Most advanced lab-made human embryo models look like the real thing

A blob-like sphere of cells shown with color coded compartments against a dark background
This model human embryo grown from stem cells is shown at a developmental stage equivalent to that of a natural embryo 14 days post-fertilization. The model has all the compartments that define this stage: the yolk sac (yellow) and the part that will become the embryo itself, topped by the amnion (blue), and enveloped by cells that will become the placenta (pink). (Image credit: Weizmann Institute of Science / Jacob Hanna Lab)

The most advanced lab-made human embryo models look like the real thing — they resemble, though don't perfectly replicate, natural embryos about 14 days into development.

These lab-made embryo models open a window into the earliest stages of human development, when a fertilized egg first starts dividing and implants in the wall of the uterus. Researchers hope such models will be useful for studying birth defects that emerge early in development, reasons pregnancies can fail at this stage, and how drug exposures affect developing embryos.   

The team behind these embryo-like spheres of cells is led by Jacob Hanna, a stem cell biologist at the Weizmann Institute of Science in Israel. The researchers first announced that they'd grown 14-day embryo models back in June on the preprint database bioRxiv, amid a flurry of other yet-unreviewed papers about embryo models made by three other groups. Now, the paper by Hanna and his team has been published in the peer-reviewed journal Nature

"In contrast to similar studies published earlier this year, these embryo-like structures contained most of the cell types found in developing embryos," Darius Widera, a professor of stem cell biology and regenerative medicine at the University of Reading in the U.K. who was not involved in the work, told CBS.

Related: Having a baby: Stages of pregnancy by trimester 

Previously, simpler human embryo models had been grown for shorter lengths of time, and more-advanced mouse embryo models had been grown to the point where they'd started to grow brains and beating hearts. Then in June, the four research groups posted preprints — research papers yet to undergo peer review — describing human embryo models they'd cultivated to be much more advanced.   

All these models start as stem cells, unspecialized cells that can give rise to a variety of cell types by taking on new traits as they divide. Some of the groups genetically tweak these stem cells to nudge them toward making an embryo and its accessory tissues, like the placenta.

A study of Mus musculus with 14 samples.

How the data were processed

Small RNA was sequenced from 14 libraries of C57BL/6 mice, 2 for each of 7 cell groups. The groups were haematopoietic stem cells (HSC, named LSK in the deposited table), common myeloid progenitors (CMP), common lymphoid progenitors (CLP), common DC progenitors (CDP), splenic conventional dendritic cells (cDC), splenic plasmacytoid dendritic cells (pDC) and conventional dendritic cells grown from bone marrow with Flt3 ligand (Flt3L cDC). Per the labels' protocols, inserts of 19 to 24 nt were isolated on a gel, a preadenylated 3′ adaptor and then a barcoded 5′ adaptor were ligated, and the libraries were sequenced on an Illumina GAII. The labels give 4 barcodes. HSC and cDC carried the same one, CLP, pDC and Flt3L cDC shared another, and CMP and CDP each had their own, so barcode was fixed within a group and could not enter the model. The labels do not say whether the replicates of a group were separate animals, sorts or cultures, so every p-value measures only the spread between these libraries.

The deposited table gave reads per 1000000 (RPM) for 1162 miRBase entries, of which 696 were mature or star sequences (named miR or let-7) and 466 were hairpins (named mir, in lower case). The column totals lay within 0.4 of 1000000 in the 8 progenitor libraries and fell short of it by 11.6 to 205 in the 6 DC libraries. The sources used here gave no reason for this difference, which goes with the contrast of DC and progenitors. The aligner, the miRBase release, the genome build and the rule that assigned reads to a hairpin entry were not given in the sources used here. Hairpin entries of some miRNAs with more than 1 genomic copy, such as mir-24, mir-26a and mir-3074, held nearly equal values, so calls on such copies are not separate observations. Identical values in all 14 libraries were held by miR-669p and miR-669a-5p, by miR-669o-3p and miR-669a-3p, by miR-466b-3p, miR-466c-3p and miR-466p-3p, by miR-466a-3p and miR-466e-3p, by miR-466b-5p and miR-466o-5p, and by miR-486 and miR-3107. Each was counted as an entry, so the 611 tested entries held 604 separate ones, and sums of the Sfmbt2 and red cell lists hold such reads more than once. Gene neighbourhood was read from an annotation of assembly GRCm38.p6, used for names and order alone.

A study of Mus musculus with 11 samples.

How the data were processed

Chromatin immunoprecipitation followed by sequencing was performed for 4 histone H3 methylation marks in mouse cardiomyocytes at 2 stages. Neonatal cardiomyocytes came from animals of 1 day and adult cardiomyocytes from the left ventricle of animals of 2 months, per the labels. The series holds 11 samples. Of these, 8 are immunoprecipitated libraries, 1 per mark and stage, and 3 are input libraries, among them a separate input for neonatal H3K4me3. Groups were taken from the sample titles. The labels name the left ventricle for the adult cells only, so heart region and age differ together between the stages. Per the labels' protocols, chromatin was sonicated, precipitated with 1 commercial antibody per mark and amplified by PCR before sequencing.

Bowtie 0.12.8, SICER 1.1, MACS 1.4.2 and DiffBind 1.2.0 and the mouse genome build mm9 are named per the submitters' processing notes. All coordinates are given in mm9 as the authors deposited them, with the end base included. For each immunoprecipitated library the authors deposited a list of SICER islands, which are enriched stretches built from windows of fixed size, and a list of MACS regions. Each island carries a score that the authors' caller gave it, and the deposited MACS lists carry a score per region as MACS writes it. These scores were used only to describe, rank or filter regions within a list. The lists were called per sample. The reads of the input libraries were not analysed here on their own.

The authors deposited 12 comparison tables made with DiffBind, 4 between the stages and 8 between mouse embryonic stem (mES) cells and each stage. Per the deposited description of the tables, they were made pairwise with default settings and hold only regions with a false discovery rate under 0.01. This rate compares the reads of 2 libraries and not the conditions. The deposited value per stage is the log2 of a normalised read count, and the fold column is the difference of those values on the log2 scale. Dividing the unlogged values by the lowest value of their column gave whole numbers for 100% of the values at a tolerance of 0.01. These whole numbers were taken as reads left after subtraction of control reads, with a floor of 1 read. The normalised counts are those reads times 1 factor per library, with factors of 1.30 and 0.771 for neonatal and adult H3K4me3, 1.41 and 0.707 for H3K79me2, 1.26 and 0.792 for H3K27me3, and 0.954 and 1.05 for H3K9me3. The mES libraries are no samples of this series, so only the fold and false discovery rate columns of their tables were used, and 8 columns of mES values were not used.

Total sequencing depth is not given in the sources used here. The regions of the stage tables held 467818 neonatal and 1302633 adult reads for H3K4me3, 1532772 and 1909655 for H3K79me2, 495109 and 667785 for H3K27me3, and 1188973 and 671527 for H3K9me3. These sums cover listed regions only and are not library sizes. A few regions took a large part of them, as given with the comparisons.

But Hanna's group uses only chemicals to coax stem cells to form these tissues. This approach results in a more accurate embryo model, they say, with a more realistic overall structure and different cell types, according to a statement from the Weizmann Institute.

To make their models, Hanna's team first pushes stem cells into a "naive" state, from which they can produce any cell type. These naive cells are then made to form cells of the embryo, placenta, yolk sac and "extraembryonic mesoderm membrane" — the precursor to the chorionic sac, the outermost membrane that surrounds the fetus. All of these cells get mixed together, and about 1% ultimately clump up to form balls with the distinct 3D architecture of a real human embryo.

"The similarity to the natural embryo is remarkable, almost uncanny," Jesse Veenvliet, a developmental biologist at the Max Planck Institute of Molecular Cell Biology and Genetics in Germany, told Science when the Hanna lab preprint dropped in June. By contrast, embryo models made with genetically modified stem cells have been criticized as having a very different structure than human embryos, Nature reported.

"This is the first embryo model that has structural compartment organisation and morphological similarity to a human embryo at day 14," Hanna told The Guardian.

Although the new models should be useful in research, their creation does come with ethical questions — for starters, how long should lab-made embryos be allowed to mature? Historically, scientists have generally followed the "14-day rule" that says such embryos should not be allowed to mature for more than two weeks, but some have argued that the time window should be widened. Researchers around the world are still wrestling with these questions even as the embryo models steadily become more sophisticated.

Nicoletta Lanese
Channel Editor, Health

Nicoletta Lanese is the health channel editor at Live Science and was previously a news editor and staff writer at the site. She holds a graduate certificate in science communication from UC Santa Cruz and degrees in neuroscience and dance from the University of Florida. Her work has appeared in The Scientist, Science News, the Mercury News, Mongabay and Stanford Medicine Magazine, among other outlets. Based in NYC, she also remains heavily involved in dance and performs in local choreographers' work.